The Scams and Sexism Hidden in Your Cable Bill
I have come to realize that there are actually three things in life that are inevitable. Death, taxes and professional sports. The second two items go hand in hand.
I care not a fig for glitzy, large-scale, athletic competitions, and yet I am bombarded with news of grown men getting paid to tackle and throw balls at each other almost daily. Through my newspaper subscription, I support entire sections devoted to games and scores that don’t concern me. I subsidize professional sports teams through my taxes. According to a recent report in Bloomberg, U.S. taxpayers have kissed goodbye $4 billion through tax exemptions and other schemes to build fancy sports structures with retractable roofs and whatnot since 1986. Structures I will likely never visit. Franchise owners make out like bandits, and I receive little in return.
Travis Waldron and Pat Garofalo at ThinkProgress have devoted several articles to explaining why these kinds of subsidies are poor investments for economic growth. Stadiums don’t pay for themselves, as promoters claim, and they divert resources from vital services, like roads and bridges, firefighters and public pensions.
David Sirota has just added a new layer of insult to my injuries. In a recent column, “ The Sports Tax,” he outlines the various ways I’m getting hustled, including one I hadn’t thought about much, because I only recently caved and got cable TV (I used to be able to get basic channels in my NYC apartment using deftly positioned rabbit ears, but no more). My Time Warner Cable bill, which combines phone and Internet -- and doesn’t even buy me HBO -- is nearly $200 per month. Flipping around the channels, I have a hard time comprehending what justifies this price. As Sirota explains, a large chunk of what I pay goes toward expensive sports channels like ESPN and Sports Net:
“The third Sports Tax is embedded in your cable television bill. Though this levy is not itemized on your bill, the Los Angeles Times reports that up to half of your total cable payment is ‘for the sports channels packaged into most services.’ That's because the sports stations tend to charge significantly higher rates than other outlets, and yet are automatically included in most basic cable packages, thereby preventing ratepayers from opting out. The result is a tax obligating those who do not watch sports to subsidize those who do.”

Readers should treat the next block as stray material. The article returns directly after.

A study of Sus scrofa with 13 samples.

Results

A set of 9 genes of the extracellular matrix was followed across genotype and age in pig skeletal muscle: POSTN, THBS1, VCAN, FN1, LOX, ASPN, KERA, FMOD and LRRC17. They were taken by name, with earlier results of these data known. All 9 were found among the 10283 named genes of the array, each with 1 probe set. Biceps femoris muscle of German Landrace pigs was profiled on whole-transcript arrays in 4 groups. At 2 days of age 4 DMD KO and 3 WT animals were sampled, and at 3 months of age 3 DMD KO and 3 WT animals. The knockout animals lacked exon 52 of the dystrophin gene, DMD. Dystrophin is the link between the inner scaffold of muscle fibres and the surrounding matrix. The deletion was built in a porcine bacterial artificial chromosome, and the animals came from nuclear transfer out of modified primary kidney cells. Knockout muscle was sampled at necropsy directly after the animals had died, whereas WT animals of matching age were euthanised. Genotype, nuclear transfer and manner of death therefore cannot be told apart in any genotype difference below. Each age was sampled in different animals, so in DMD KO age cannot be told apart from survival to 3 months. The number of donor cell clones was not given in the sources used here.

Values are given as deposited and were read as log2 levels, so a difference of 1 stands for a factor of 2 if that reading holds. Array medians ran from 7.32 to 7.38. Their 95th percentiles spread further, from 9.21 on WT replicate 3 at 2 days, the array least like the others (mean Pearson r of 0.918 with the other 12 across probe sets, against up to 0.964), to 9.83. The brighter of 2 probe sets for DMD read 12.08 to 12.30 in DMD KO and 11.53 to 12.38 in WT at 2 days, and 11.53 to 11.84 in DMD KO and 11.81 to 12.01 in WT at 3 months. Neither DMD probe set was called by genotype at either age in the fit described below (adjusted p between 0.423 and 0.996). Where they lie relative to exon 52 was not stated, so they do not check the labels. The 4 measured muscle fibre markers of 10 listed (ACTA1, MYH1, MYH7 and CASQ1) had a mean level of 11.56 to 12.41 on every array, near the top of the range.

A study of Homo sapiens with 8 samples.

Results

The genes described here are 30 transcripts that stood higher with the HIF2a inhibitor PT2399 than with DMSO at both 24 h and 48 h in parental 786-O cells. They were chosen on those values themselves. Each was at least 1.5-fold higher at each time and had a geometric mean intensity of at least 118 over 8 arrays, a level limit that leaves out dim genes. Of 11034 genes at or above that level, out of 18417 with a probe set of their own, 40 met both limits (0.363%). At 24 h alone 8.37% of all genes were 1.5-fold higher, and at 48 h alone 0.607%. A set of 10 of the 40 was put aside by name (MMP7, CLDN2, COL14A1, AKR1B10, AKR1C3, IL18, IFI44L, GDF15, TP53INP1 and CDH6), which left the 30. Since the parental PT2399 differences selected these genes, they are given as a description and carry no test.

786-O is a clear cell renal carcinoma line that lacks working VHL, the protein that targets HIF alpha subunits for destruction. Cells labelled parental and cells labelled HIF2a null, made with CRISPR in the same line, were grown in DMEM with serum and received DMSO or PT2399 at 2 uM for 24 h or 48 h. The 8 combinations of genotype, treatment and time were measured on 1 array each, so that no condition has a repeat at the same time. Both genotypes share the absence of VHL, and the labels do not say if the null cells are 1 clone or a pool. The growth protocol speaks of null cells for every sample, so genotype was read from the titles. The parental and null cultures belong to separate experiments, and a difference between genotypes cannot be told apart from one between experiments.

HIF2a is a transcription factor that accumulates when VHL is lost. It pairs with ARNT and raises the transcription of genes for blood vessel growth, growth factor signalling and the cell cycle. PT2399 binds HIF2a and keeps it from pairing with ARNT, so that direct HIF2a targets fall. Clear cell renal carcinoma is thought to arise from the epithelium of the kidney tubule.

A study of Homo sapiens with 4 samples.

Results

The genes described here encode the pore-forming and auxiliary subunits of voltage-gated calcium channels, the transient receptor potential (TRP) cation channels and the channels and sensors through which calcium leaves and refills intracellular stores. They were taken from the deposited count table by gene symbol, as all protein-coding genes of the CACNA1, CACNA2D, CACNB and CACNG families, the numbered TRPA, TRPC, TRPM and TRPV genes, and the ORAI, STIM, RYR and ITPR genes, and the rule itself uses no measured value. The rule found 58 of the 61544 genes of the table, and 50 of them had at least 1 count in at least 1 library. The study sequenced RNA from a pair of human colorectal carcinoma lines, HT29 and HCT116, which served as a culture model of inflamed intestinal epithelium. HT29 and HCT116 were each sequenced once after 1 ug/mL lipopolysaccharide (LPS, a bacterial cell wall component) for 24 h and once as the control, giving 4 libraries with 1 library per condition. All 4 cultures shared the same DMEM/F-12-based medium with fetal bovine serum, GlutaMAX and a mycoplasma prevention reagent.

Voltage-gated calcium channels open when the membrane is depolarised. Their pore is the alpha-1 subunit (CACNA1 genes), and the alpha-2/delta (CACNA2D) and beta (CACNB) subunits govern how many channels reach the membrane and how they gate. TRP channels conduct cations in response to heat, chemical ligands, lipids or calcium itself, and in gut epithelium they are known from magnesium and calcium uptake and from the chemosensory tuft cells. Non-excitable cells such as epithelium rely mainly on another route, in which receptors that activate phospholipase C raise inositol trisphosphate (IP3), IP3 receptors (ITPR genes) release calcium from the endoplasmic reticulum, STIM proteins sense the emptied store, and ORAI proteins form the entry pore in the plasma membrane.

Have you noticed your cable bill going up lately? Perhaps by as much as 40 percent? That’s because TV deals with big-name sports franchises are pushing them up, says the LA Times:
"’We've got runaway sports rights, runaway sports salaries and what is essentially a high tax on a lot of households that don't have a lot of interest in sports,’ said John Malone, the cable industry pioneer and chairman of Liberty Media. ‘The consumer is really getting squeezed, as is the cable operator.’" Those who actually watch sports—and I don’t fault them for it – are not getting a better product for those higher prices, but “smaller slices at higher prices.”
While the LA Times puts the percentage of your cable bill that goes to sports channels at 50 percent, Derek Thompson at the Atlantic counters that it’s really only 15 percent. In any case, I’m getting bupkis for that cost. Thompson notes that while ESPN gets $5 a month from every household, MTV only gets 39 cents. Why is that?
On top of that, the emphasis on pro sports makes TV look like crap. I recently watched Dirty Rotten Scoundrels in high definition and it looked dreadful. I could see the stage makeup on Steve Martin. The lighting was garish. The whole experience made it seem that I was watching an acting class, rather than a film. This is known as the “ soap opera effect" because it makes things look like the kind of cheap video used for soap operas. I am told it’s possible to fiddle with a labyrinth of settings and connections in order to mitigate this, but what a pain. And why does TV look like this? High definition is primarily exciting to sports viewers who want to see the fast action and minutia of every play. It’s less appealing for many dramatic presentations where mood and nuanced lighting is critical. And it is particularly cruel to older actors and media figures who must struggle to conceal every wrinkle and often end up Botoxed out of recognition.